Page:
Friday, September 6, 2013

About that risk assessment

There is all this talk these days about what you can do to reduce your risk of cancer, dementia, chicken pox, or the common cold, among a million other things. You know all the advice - eat broccoli, exercise, don't drink, lose weight, exercise, eat margarine no eat butter, drink red wine no white - and all it does is confuse the crap out of us.

Then they start to give people personal risk assessment for an ailment and expect us to believe them. How much conflicting medical advice do you hear on a given day? A lot. Eat red meat and chocolate, no don't, yes, well a little, and the famous words - in moderation. How can you be expected to believe anything?

When you are told what your risk of some thing is - whether being diagnosed with cancer or being hit by lightening, don't you always harbor that little thought in the corner of  your brain that of course they are only talking about other people and not you or anyone you care about. Its always going to affect those other faceless people you don't know.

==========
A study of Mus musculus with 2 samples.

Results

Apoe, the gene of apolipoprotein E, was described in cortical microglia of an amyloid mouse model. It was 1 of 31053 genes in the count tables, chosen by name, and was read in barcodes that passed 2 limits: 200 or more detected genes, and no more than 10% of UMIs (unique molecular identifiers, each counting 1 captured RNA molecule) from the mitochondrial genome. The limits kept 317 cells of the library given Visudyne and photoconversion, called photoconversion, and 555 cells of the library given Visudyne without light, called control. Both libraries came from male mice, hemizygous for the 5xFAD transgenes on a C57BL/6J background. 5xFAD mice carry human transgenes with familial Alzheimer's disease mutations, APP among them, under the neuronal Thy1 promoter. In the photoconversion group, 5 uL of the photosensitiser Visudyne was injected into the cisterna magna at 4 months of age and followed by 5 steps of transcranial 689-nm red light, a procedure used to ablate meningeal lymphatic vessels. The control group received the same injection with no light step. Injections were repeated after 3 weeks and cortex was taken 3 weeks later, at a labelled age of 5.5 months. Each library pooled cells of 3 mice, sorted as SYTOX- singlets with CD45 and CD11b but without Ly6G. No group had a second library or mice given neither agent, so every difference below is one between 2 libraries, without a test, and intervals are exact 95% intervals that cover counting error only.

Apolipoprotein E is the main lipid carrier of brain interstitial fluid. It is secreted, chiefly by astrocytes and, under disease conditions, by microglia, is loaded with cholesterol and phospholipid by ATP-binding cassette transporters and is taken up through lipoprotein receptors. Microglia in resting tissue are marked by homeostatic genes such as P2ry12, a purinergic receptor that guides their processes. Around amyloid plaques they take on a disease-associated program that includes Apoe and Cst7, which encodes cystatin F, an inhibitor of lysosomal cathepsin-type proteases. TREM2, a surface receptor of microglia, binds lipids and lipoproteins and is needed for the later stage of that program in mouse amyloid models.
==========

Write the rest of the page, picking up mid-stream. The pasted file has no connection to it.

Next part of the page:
So why all the surprise when a new study shows that one in five women don't believe their breast cancer risk? I can honestly tell you I was very surprised by both my cancer diagnoses. I thought my back pain was the result of muscle strain and not the permanent debilitating state of the disks in my spine. I thought my aches and pains that turned out to be rheumatoid and fibromyalgia were just normal aging.

Sometimes I think, they were all wrong and I am really a healthy person who can live the way I used to - working full time, having a social life, and going off on adventures regularly that involve beaches, mountains, and the great outdoors.

Seriously, we hear so much conflicting medical advice and then if someone gives us a risk assessment, we are supposed to believe them? I think a risk assessment is like listening to the weather forecast - there is a good chance Saturday will be rainy and it should clear out for Sunday but watch out for a hurricane next week. How do they really know?